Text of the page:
All of us at CN&CO – and, we hope, all of the people in our networks – have some sort of investment or trading portfolio going, either through a financial advisor or on an online platform such as EasyEquities, SatrixNOW, or OUTvest. Perhaps you have even have more than one of these?

If you are an investor, you would most likely have come across a factsheet somewhere along your investing journey. Basically, a factsheet is a document compiled by a financial institution that provides all the relevant information about a specific investment product. It’s a useful tool that helps individual and institutional investors to make decisions about where to put their money. It’s also a statutory reporting requirement for the financial institutions themselves.

“Financial products such as exchange traded funds and unit trusts are governed by regulation and need to report on their performance on a regular basis,” explains Igor Rodionov* of Advicement Services, which offers managed investment portfolios of exchange traded funds via Easy Equities. “This is done by creating reports called minimum disclosure documents (or factsheets), which contain the product’s latest returns, risk statistics and current holdings. These documents are a great source of information and can be used effectively as marketing material to entice new and existing investors.”

But have you ever thought about what goes on in the background? The amount of data, time and expertise that are needed to put together just a single factsheet – never mind one for each product – is a huge task for financial services companies. And then they have to update them constantly as returns, risk statistics and holdings levels change.

“Typically, the process to create such documents is cumbersome and long, as it involves various departments in the organisation,” says Igor. “Data is gathered from various sources, gets analysed and finalised in spreadsheets. Charts and tables with statistics are then generated. Market commentary is gathered from analysts. This then gets sent to a design team, which collates everything and inserts it into a PDF document.”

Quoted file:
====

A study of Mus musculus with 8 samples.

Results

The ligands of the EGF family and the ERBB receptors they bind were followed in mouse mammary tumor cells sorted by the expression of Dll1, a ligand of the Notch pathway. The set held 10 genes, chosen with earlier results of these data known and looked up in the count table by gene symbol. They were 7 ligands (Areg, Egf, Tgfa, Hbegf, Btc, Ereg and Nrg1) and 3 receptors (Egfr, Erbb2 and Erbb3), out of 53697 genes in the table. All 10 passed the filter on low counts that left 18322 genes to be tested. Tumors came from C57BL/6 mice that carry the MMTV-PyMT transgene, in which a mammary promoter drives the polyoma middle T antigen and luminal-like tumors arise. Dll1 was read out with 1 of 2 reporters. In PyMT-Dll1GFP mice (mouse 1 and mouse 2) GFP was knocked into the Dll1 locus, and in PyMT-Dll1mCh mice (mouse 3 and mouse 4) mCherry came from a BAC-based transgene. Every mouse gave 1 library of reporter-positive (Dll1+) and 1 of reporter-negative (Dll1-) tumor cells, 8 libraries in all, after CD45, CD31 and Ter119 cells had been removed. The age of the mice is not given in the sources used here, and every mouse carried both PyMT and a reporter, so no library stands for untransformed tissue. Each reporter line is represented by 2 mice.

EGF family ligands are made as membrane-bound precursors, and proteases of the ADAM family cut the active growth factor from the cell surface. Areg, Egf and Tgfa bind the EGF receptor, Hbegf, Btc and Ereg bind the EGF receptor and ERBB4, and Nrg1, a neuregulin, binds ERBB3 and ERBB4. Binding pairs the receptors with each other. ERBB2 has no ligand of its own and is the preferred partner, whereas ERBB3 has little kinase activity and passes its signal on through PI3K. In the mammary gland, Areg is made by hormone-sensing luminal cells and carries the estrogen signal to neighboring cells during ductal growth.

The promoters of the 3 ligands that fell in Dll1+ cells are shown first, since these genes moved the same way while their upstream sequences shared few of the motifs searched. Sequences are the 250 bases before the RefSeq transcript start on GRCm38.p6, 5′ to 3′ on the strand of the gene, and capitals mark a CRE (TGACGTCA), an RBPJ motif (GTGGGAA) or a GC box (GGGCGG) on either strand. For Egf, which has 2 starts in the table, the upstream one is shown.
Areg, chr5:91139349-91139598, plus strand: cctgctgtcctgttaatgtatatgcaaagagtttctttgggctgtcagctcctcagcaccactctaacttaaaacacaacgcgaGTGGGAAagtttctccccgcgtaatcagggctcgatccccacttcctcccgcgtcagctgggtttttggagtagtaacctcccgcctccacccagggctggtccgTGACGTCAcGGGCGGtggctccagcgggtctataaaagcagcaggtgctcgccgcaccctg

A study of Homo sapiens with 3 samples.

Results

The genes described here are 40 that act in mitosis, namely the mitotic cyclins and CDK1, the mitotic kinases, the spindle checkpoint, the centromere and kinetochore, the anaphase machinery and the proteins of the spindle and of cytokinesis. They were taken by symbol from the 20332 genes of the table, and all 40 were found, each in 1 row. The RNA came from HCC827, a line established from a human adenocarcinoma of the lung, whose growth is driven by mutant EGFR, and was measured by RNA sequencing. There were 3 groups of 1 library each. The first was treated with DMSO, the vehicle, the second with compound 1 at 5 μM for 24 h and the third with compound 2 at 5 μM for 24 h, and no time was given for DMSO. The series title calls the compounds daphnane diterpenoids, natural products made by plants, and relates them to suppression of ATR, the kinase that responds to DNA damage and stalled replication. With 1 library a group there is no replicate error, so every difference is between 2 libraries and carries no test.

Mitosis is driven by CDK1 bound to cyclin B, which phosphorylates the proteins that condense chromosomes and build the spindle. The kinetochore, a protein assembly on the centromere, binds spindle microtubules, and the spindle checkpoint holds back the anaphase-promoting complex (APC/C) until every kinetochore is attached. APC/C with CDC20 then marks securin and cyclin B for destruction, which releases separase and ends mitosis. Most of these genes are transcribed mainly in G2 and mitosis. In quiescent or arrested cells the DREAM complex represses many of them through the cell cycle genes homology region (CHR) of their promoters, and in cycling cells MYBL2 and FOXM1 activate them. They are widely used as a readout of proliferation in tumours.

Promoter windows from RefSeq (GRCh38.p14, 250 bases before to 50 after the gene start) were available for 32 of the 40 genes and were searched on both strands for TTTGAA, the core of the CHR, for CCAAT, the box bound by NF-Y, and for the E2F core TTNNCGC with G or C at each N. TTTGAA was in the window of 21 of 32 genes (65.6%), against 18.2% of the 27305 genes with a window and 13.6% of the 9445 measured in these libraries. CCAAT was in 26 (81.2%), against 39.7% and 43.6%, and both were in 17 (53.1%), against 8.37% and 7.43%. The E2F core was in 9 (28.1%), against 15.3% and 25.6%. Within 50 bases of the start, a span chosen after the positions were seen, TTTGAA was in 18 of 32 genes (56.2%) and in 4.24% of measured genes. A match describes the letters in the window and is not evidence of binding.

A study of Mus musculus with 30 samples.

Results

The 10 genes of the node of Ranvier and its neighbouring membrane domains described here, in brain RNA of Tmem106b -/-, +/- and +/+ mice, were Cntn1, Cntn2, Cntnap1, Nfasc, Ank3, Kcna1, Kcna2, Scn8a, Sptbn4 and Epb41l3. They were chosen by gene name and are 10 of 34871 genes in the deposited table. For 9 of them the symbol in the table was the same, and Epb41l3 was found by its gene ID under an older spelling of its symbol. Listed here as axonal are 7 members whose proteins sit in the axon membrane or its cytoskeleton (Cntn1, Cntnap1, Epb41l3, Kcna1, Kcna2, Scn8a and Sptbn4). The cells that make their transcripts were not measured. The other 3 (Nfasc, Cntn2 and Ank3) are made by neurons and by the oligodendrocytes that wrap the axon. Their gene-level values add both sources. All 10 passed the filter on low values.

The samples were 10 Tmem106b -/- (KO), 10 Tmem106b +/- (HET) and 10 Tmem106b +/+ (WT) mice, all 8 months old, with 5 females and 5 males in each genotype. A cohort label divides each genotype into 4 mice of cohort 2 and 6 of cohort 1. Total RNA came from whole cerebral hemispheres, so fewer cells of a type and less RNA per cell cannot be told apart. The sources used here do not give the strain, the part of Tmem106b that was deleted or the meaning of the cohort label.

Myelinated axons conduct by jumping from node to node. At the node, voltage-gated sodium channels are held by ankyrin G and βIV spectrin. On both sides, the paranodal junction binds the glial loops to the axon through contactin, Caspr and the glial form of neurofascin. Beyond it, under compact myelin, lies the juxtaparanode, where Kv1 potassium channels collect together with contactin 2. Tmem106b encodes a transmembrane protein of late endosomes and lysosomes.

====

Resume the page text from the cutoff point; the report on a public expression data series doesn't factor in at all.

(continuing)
Igor says this process can take up to a month, “… which is not ideal for investors, as new financial information becomes available with every passing day.”

Create factsheets online in a fraction of the time

Great news for financial institutions – and for investors! – is that Advicement Services has launched an online platform that helps financial institutions to create factsheets and minimum disclosure documents online in a fraction of the time. Factsheets can also be tailored to suit the marketing styles of the investment company or financial advisor.

“The platform can create documents according to a set template, incorporating various calculations and displaying engaging charts and tables, all at the click of a button,” says Igor.

Financial institutions are welcome to request an online demo account, which contains dummy data and templates for two documents.

“Using the demo account, you will be able to change the market commentary for each document as well as produce and view the documents. All of this will take just a few moments to set up and implement.”

Advicement also offers template design, calculations and charting services, a file delivery mechanism, existing system integration, data privacy and maintenance, and sourcing of financial data.

“Our clients benefit from engaging documents, quick turnaround times and cost saving due to automation,” says Igor. “These benefits can all be shared with investors themselves, creating a win-win situation all round.”

To get in touch visit the Advicement Services website or drop an email to

*Igor is a good friend to many at CN&CO. We met him through the relationship between Advicement Services and our partner, EasyEquities. He plays soccer with Kurt, ran the Knysna half-marathon with Carel and Rikus, joined us at the recent #Actforchange Corlett Park clean-up in Joburg and attended a recent ConFab . He’s really smart and a good guy, which is why he forms an important part of our networks.